A Ruse on Easter from Darwin’s lapdog

Greg Clarke compares Michael Ruse with other more outspoken atheists.

Professor Michael Ruse is probably the lightest-hearted atheist I’ve had the privilege to meet. Less anguished than a Christopher Hitchens (‘God is not Great – How Religion Poisons Everything’) and less angry than a Richard Dawkins (‘The God Delusion’), Ruse comes across as a cheeky, self-confident, intelligent and life-affirming grandfather figure—a delightful combination of qualities. A strong advocate of Darwinian evolution, he is but a gentle critic of religion and indeed has a lot of time for Christians: “Very decent, caring human beings”, he says. Far from Darwin’s bulldog, he’s more like Darwin’s lapdog, happily acknowledging the strokes and attentions of religious types rather than barking and trying to bite their arms off.

Ruse is baffled by the unwillingness of a Richard Dawkins-style atheist to admit that Christians often have interesting arguments and legitimate evidence for the views they hold. Ruse himself freely acknowledges that Christianity has brought more good than harm into the world. He’s not a Christian himself, but he dislikes the dismissive and belittling tone of attack used by some of his atheistic colleagues. “Christians have got some grown up responses to these sorts of things,” says Ruse.

We interviewed him in the CPX studio during his visit to Sydney where he had just spoken on the future of Darwinism as part of the University of Sydney’s Ideas Lecture Series. His first comment when he arrived in our North Sydney office was, “This isn’t a Christian organization—I can’t see any nylon shirts!”
Fashion sense aside, Ruse is willing to give Christian thought a chance to defend itself, and has carefully examined the history of Christian theology and philosophy. He grew up as a Quaker but his Christian beliefs “faded away’, just like his love of “stamp-collecting and baked beans”. I guess that’s not the most philosophically acute critique of Christianity, but more tellingly he identifies his view of God with a bitter Presbyterian school Headmaster. He describes himself (in Thomas Huxley’s words) as “deeply religious in the absence of theology”.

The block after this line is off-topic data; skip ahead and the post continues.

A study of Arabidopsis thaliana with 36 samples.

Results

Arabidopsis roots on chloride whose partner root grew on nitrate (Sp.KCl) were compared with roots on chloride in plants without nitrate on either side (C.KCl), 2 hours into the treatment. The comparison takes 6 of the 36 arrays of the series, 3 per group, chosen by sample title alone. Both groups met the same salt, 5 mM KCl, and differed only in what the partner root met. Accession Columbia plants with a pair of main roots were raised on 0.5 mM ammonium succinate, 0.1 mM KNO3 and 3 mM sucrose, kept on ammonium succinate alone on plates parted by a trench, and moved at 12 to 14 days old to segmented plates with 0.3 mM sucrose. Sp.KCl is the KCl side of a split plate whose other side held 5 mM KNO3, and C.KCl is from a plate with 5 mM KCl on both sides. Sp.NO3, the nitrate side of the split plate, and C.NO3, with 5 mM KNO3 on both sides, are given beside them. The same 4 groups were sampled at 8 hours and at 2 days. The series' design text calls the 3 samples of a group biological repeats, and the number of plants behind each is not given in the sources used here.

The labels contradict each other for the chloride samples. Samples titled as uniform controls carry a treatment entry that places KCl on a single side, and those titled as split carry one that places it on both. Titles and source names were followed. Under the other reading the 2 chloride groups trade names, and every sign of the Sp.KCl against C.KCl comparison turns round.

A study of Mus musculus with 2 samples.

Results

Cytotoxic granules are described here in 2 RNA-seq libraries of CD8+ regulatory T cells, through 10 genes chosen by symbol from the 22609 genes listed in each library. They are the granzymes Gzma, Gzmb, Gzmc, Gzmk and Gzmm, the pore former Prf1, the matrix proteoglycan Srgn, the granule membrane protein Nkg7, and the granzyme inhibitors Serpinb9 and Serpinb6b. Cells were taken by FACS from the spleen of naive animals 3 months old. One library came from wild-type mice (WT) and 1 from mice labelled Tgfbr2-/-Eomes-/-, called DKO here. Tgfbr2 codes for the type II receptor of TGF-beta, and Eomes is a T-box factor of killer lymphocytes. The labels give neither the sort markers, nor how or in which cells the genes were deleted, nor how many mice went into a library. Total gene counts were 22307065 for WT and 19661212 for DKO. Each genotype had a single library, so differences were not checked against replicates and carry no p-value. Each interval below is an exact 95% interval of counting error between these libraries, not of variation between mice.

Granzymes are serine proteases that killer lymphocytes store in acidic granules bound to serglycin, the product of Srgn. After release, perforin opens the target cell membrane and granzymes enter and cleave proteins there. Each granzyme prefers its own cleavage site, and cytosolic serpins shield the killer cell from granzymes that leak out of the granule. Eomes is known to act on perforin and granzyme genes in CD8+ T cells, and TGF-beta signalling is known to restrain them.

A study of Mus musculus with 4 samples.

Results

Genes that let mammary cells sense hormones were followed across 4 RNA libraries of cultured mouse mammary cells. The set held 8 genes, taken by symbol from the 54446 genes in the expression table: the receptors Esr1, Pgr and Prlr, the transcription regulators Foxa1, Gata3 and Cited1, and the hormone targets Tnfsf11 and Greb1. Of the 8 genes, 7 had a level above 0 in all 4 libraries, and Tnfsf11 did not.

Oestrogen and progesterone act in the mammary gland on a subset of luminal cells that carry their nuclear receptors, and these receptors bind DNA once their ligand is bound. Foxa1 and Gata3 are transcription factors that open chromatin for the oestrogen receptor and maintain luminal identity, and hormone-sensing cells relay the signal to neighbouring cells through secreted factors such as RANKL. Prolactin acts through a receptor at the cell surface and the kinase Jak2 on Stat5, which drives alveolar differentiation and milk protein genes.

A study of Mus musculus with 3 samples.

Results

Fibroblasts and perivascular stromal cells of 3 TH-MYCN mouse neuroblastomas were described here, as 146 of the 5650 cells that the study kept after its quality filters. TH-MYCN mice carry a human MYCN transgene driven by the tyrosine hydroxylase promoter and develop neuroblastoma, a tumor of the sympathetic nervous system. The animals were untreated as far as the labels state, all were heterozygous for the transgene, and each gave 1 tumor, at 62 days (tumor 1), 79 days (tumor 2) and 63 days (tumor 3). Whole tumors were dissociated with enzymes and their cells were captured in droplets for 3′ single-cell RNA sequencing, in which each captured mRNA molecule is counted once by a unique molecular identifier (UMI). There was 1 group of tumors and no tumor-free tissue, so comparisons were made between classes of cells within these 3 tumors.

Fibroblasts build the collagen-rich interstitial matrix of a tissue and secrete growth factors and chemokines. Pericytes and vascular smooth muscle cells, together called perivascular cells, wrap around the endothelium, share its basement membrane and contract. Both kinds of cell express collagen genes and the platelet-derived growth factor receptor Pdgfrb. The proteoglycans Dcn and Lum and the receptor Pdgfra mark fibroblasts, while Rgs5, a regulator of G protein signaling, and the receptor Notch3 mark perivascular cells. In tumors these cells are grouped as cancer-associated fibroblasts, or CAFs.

Ruse freely acknowledges that Christianity has brought more good than harm into the world

Ruse’s main interest, which he has explored in careful and entertaining books such as Can a Darwinian Be a Christian? and his latest, Evolution: The First Four Billion Years, is the compatibility or otherwise of the Christian worldview with scientific discoveries. He disagrees with Dawkins, happily acknowledging that there is a valid Christian viewpoint which holds together belief in a Creator God with an understanding of evolutionary processes. Whereas Dawkins seems to think that Christians ‘fudge’ this, Ruse has described Darwinism as “the bastard child of Christianity”, obsessed with stories of origins, of human nature and of moral purpose. “Darwinism is a challenge to the Christian, but not necessarily a refutation,” he says. “It’s something the Christian must use to come to a more articulated faith”.

“Science asks one sort of question; religion asks another sort of question”, says Ruse. So what does science do with the central claim of Christianity, the one that arises every Easter: the death of Jesus for the sins of the world and his reported return from the grave? Does Ruse’s science preclude him from accepting this claim?

“I’m a non-believer, not because of science, but I guess because I just don’t have faith,” says Ruse in the publicchristianity.org interviews. “I just don’t have that inner conviction. My whole being isn’t flooded with the belief that Jesus died for my sins.”

Darwinism is a challenge to the Christian but not necessarily a refutation

Ruse finds it personally difficult to reconcile belief in a good God with the suffering and evil he sees in the world, but he acknowledges that Christians genuinely struggle with this issue. “I do find the problem of evil a very strong one, but I can well imagine saying ‘Nevertheless, I know that my Redeemer liveth and perhaps ultimately it is all a mystery’. I don’t think that’s a stupid position to take.”

With that admission, Ruse brings the question of belief into focus. Very few people seem to become atheists because of science. Some do—famously Richard Dawkins, for whom Darwin provided, in the theory of evolution, a satisfying way in which to explain the world without reference to God. But Ruse suspects Dawkins was driven by the desire to find just such an explanation—it is the inner, personal struggle that leads the quest.

Ruse’s forthcoming book, he told me, is about “making room for faith in an age of science”, a welcome reprieve from the Christian-bashing of recent years, and in my view an approach more likely to win friends not only in the churches but also in most science faculties and laboratories.

This article first appeared on ABC online opinion on Thursday April 9, 2009.

Dr Greg Clarke is co-director of the Centre for Public Christianity and Honorary Associate of the Department of Ancient History, Macquarie University.